Introducing the Water Well Project
Updated: Jan 26, 2020
Many communities in the southern countries of South Africa suffer from an inability to provide food for themselves. There are many charitable people around the world bringing in food to help sustain these people's lives. We see an opportunity to provide a way for communities in the area to sustain life for themselves and build a better future.
One key issue these people face is a lack of water to bring crops to harvest. Rain is in very short-supply. However, many of these communities are living above natural fresh-water springs that would be significantly helpful to these people if they could access it.
Introducing, The Water Well Project.
Our goal is to drill bore holes providing access to these natural fresh-water springs. Once the flow rate has been verified to be sufficient to irrigate crops, we will equip them with pumps and holding tanks. This will allow for the villagers to draw the spring water up from beneath the surface (approximately 45-70 meters under ground) ell access, we can provide reservoir tanks and pumps to ensure water supply at all times. By completing this project, we can help these communities build a sustainable lifestyle that is far above where they are now.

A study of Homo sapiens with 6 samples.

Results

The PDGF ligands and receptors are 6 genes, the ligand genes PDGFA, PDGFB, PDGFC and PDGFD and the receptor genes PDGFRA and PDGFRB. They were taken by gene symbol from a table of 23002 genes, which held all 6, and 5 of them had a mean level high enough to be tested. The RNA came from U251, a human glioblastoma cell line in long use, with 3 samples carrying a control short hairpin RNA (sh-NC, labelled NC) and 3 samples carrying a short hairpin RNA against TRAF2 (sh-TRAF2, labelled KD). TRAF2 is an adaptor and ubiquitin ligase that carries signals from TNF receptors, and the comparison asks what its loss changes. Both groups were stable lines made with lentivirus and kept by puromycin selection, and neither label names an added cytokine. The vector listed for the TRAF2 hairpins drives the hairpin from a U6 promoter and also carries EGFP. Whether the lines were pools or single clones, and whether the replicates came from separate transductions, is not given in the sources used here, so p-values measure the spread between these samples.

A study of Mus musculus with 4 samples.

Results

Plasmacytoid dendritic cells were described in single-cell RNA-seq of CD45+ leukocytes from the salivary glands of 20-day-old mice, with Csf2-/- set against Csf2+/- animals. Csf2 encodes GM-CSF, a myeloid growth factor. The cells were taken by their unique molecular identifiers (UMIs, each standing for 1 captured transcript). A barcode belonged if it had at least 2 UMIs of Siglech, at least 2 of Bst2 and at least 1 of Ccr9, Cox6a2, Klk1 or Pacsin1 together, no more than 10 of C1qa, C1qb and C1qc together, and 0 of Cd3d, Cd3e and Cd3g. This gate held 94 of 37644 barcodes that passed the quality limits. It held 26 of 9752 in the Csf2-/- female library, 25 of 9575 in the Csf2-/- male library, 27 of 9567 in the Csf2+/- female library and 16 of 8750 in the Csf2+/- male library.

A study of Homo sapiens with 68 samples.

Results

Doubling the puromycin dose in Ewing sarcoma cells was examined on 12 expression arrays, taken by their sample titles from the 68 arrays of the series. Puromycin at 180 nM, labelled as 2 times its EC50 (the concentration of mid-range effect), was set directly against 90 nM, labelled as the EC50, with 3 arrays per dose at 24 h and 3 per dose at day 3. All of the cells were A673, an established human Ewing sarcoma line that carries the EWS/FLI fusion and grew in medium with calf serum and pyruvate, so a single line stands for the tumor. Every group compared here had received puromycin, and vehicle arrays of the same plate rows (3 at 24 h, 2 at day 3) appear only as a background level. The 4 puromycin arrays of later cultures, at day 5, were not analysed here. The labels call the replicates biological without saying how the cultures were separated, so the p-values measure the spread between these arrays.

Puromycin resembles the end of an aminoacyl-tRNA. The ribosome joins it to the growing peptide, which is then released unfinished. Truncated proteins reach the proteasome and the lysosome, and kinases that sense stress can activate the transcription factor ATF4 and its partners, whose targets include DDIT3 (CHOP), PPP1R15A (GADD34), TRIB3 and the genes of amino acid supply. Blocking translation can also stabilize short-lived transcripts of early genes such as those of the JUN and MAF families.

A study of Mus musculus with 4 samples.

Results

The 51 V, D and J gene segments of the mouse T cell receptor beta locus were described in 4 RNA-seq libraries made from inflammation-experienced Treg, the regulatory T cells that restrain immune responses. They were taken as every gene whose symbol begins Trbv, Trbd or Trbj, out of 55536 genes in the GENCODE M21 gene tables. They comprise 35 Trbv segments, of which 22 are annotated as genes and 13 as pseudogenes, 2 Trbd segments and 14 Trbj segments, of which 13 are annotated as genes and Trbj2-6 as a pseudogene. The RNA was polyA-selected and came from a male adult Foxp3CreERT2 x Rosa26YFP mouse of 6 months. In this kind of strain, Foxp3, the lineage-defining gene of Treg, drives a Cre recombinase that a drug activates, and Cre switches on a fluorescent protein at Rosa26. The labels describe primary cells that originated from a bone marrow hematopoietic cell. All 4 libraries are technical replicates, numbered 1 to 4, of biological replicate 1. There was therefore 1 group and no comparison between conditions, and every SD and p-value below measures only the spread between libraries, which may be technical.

The first phase of the project is to drill eight bore holes serving five village communities. We believe each bore hole will sufficiently water a three acre plot of land to bring crops to harvest. The food harvested from those plots of land will be sufficient for the community to be fed with some left over to share with surrounding communities. Each bore hole is accomplished one at a time, so we can learn from each one and make the next one more efficient and predictable. There is no guarantee that a bore hole will produce enough water flow to be useful, so each has its own inherent risk.
We have calculated that each bore hole that produces water flow rates sufficient for irrigation will cost approximately $10,000 each. The Directors and Board Members know it has required donations from various organizations and individuals estimated at over $50,000 per year or more to feed these same communities in the past. The return on the investment is incredibly good. Once the bore holes are producing water then those organizations and individuals will be relieved to use their generosity to satisfy other unmet needs around the world.